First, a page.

Cinematography : Doing Day-For-Night by Jethro Randell

Jethro Randell

Doing Day-For-Night

I'm wanting to do a series of scenes set at night in the woods, with lighting motivated by the moon yet want to shoot during the day and grade it in post. Are there any tips on how to make it look better during filming, or anything to avoid doing?

Lindbergh E Hollingsworth

During filming you're at the mercy of the sun. You don't want a partly cloudy day with clouds moving across the sun. So go with the sun, or go with overcast (great big diffuser). Harsh sun means actors will be squinting, and then there's shadows. Sunlight gives you harsh shadows and high contrast. Cloudy/overcast gives you diffused light and low contrast. In post, color correction, you'll reduce your contrast, reduce your exposure, and desaturate your colors a bit. Toss a light vignette on it (optional).

Karen "Kay" Ross

Is there a reason you're trying to shoot during the day instead of at night? I'm assuming there is a wide shot involved?

Also, I found this recent video on DFN filming:

Jethro Randell

Yeah, quite a few wide shots. Want to explore that option as it would be better for budget and scheduling to do it in the day time. If I can incorporate it into the style and give it a good look, think it'll be a win-win. Also thanks for the link, will look into filters too

Andrew Sobkovich

Day for night is workable, but there are a number of pitfalls that end up being problematic. With the software we have available it is easy to replace the sky (try to avoid shooting the sky if you can to cut down the VFX) bring the exposure down, and tweak the color. Problem is the discrepancy between what you see in your imagination and what others see when you present that on screen. Much of the day for night and night work I’ve seen in the past while are frankly unwatchable. Literally, unwatchable. Can’t see anything. Make it dark, blue, and replace the sky. A formula that guarantees bland flat hard to see images that take the audience out of the story.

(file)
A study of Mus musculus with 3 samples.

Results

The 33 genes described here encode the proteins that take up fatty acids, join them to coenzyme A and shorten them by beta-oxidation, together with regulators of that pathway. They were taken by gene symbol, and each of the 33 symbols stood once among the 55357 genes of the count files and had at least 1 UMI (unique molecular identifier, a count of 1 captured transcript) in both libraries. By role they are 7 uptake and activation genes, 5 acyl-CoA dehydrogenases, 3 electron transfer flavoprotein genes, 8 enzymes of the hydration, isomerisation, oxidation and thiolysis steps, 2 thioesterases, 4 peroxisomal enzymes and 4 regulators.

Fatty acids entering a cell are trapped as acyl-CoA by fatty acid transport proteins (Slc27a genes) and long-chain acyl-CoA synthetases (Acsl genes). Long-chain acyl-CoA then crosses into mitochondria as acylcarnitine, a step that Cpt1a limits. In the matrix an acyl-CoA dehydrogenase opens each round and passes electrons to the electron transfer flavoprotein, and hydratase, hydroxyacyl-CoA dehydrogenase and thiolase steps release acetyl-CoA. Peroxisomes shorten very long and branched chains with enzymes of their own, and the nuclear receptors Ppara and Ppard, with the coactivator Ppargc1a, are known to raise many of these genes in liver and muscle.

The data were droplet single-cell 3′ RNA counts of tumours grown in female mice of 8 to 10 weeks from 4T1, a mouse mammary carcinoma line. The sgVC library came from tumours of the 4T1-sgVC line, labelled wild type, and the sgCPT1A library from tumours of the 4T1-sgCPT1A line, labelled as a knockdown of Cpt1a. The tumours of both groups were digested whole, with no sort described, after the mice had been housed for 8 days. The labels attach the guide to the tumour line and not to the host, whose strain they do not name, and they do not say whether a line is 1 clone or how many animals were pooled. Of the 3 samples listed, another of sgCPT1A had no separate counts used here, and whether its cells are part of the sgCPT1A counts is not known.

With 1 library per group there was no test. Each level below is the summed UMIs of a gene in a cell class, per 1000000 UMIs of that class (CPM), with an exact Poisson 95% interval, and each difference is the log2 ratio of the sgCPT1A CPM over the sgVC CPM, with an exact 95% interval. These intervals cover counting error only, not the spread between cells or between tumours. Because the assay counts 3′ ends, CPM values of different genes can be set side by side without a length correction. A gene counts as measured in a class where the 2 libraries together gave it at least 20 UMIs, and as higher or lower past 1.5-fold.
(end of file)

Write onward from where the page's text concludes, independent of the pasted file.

Forests vary, depending upon the density of growth, height of trees and the layers. For a successful day for night I always find that it is important to have highlights so that you as least get some shaping and depth in objects. Some sunlight dappled on parts of the background goes a long way toward bringing texture and something to silhouette people against. An audience trying to see what is happening and who is talking will quickly turn on you. That same sunlight must be kept as a backlight on performers while the contrast on their faces can be adjusted with either lighting instruments of reflectors. Knowing what your camera sees and the lighting ratios you need to achieve what you want might take a little experimentation, but once you know what you need a few light readings and you should be good to go and consistent in your lighting ratios and exposure. Costumes need to be given careful consideration.

As so much of the image will be dark, it is really import that the camera you use has very little noise in the blacks. If not, then you will have to crush the blacks to eliminate the range of exposure in the toe that will be noisy. I can think of cameras that I would need to crush the blacks by 3-4 stops for the image to be acceptable. You need to know. TEST. If you are unsure of exactly what you wish to do, give yourself some leeway. The most adjustable image will be a normally exposed one, but critical to the day for night effect will be that nothing is overexposed including highlights. You can look at establishing the degree of underexposure that gives you your desired look in camera, but that will lock in your images more than shooting a normal exposure then applying the effect in post. If you are unsure, then making the adjustments on post is a good idea in this one situation. Same goes for the color you use. Moonlight is the same color temperature as sunlight since it it the sun reflecting off of a pretty neutral grey surface. How many solidly blue night scenes have we all seen? When lighting a night scene, I find that layering colour as well as light and shadow works well. You will not have that luxury. The layering of light and shadow is somewhat doable if you shoot on a sunlit day and choose your locations and shooting times so that you have shadows you can use.

One other thing to think of is that for any artificial light to look real, be it a flashlight, house light, fire or a match it will have to be really bright because of the ambient daylight you are actually shooting in will be quite high. Remember that sunlight is around 10,000fc and more so any lights have to be very bright. I recently watched a series where all the night scenes were day for night. Decently done but those scenes with flashlights ruined the illusion.

I cannot stress this enough, test everything to establish your look and shooting methodology.